Understanding one’s role on the board of a consumer cooperative can be a challenge. After all, we all shop at the Co-op. We know what we like about it and where we think it could improve.
We have our own opinions about store layout, product selection, services, and pricing. We may even have ideas about displays, marketing, or outreach events.
We care about employee benefits and local agriculture and the welfare of those in our communities, and we have ideas about what the Co-op could do about those things, too.
So, once we’re on the board, we can shape those things, because we’re member-owners and now we’re in charge. Right?
Well, yes and no.
Being elected to the board of a membership organization is being given a position of trust by our fellow member-owners—whether they voted or not—that we will represent all of them and work in their collective best interest.
Being on the board of a $78 million retail operation requires accountability to its owners—all 20,000 of them—for the performance of their business and its continued viability in the long term.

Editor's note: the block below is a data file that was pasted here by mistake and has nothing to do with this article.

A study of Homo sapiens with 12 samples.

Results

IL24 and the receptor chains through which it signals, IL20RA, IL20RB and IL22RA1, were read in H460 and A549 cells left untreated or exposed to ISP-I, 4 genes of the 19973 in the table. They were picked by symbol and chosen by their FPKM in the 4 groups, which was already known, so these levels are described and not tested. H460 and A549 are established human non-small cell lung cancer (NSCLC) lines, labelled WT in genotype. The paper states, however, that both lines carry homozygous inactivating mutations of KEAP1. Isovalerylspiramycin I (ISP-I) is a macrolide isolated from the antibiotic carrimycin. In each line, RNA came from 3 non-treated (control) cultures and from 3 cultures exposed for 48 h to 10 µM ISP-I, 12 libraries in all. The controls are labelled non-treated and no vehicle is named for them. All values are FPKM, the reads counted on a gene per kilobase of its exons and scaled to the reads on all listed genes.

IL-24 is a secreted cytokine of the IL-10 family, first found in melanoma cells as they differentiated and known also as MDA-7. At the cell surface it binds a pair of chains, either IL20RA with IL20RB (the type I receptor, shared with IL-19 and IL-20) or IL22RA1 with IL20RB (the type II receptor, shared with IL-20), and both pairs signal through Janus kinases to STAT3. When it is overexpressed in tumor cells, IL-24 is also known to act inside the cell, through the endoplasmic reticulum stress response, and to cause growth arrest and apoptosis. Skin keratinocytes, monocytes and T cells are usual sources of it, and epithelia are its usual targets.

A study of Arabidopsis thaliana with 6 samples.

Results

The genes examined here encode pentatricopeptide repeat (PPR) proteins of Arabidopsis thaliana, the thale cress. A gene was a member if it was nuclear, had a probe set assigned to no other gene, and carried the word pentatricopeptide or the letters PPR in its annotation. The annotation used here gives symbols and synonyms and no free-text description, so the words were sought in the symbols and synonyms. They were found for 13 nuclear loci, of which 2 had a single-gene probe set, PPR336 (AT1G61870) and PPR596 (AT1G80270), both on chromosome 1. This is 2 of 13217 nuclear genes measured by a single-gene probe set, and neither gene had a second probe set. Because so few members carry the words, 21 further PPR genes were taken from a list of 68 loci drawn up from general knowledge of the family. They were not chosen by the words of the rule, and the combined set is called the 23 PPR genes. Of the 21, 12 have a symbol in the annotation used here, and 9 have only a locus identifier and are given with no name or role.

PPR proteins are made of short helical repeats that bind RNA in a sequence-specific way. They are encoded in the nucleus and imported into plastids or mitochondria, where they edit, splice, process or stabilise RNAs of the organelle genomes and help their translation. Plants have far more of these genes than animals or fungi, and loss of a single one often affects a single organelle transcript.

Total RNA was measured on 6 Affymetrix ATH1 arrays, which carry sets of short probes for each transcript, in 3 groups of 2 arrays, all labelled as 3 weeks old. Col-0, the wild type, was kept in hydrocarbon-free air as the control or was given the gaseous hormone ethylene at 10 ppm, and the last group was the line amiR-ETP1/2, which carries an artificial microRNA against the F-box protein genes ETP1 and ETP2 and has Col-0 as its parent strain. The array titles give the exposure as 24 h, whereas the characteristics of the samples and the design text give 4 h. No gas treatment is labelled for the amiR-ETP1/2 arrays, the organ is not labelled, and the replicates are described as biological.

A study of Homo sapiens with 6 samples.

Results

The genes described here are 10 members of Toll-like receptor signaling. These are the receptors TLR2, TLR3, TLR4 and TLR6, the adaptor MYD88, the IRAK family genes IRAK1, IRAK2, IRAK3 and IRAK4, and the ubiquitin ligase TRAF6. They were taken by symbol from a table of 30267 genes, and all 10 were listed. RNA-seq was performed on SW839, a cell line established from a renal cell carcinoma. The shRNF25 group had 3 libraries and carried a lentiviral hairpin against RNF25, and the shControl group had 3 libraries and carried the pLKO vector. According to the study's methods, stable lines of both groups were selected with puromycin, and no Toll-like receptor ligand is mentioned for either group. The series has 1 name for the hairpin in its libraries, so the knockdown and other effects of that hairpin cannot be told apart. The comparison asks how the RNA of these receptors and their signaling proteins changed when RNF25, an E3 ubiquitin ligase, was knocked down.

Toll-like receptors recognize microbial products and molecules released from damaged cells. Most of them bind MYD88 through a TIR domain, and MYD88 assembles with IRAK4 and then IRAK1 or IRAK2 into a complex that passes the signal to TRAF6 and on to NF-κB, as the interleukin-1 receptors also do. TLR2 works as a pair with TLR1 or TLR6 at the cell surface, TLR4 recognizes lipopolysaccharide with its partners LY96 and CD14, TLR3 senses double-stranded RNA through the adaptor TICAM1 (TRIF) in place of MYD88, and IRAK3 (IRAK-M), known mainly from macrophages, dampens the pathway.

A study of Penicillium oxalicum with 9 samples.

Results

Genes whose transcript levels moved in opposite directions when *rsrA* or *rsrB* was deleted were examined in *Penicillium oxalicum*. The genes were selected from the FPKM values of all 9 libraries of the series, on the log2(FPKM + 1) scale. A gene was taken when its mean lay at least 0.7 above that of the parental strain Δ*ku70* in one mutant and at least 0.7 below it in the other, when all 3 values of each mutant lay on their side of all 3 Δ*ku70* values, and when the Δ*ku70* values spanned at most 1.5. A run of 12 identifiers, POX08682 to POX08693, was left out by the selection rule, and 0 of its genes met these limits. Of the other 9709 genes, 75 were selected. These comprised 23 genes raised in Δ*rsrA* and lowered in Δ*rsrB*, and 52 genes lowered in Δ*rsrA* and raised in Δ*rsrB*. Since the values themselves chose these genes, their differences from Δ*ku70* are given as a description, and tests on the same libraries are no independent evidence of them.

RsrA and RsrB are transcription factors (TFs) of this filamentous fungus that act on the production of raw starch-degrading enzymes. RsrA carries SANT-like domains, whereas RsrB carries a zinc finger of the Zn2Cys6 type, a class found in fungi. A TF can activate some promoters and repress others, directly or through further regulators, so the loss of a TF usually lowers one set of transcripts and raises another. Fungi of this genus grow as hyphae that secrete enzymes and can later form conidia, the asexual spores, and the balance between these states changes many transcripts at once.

So, what is our role and how do we get things done? Because, let’s face it, few of us have had experience running a business of this size.
Let’s begin by being clear about what directors are not.
- We are not managers.
- We are not members of the Co-op’s workforce.
- We are not wise advisors to people in those roles.
We have been elected to govern—to set long-term goals for the organization, to ensure proper management of the Co-op’s assets, and to make sure that the Co-op continues to meet its owners’ needs and expectations.
Our role is to determine what the member-owners want from their cooperative and make sure they get it through means that do not put the organization in jeopardy legally, financially, or in any other way.
We do that as a board, not as individuals. We give direction only through board action, and we do it via written policies that clearly define the board’s expectations for the person it has hired to manage the business—the Co-op’s general manager (GM).
We represent over 20,000 member-owners of this cooperative. Our role is
- to know what the member-owners want from the organization that they own,
- to provide written parameters within which the GM will function while giving the owners what they want, and
- to monitor the GM’s performance to ensure that the expectations delineated in written policy are being met.
The means we use is called Policy Governance®.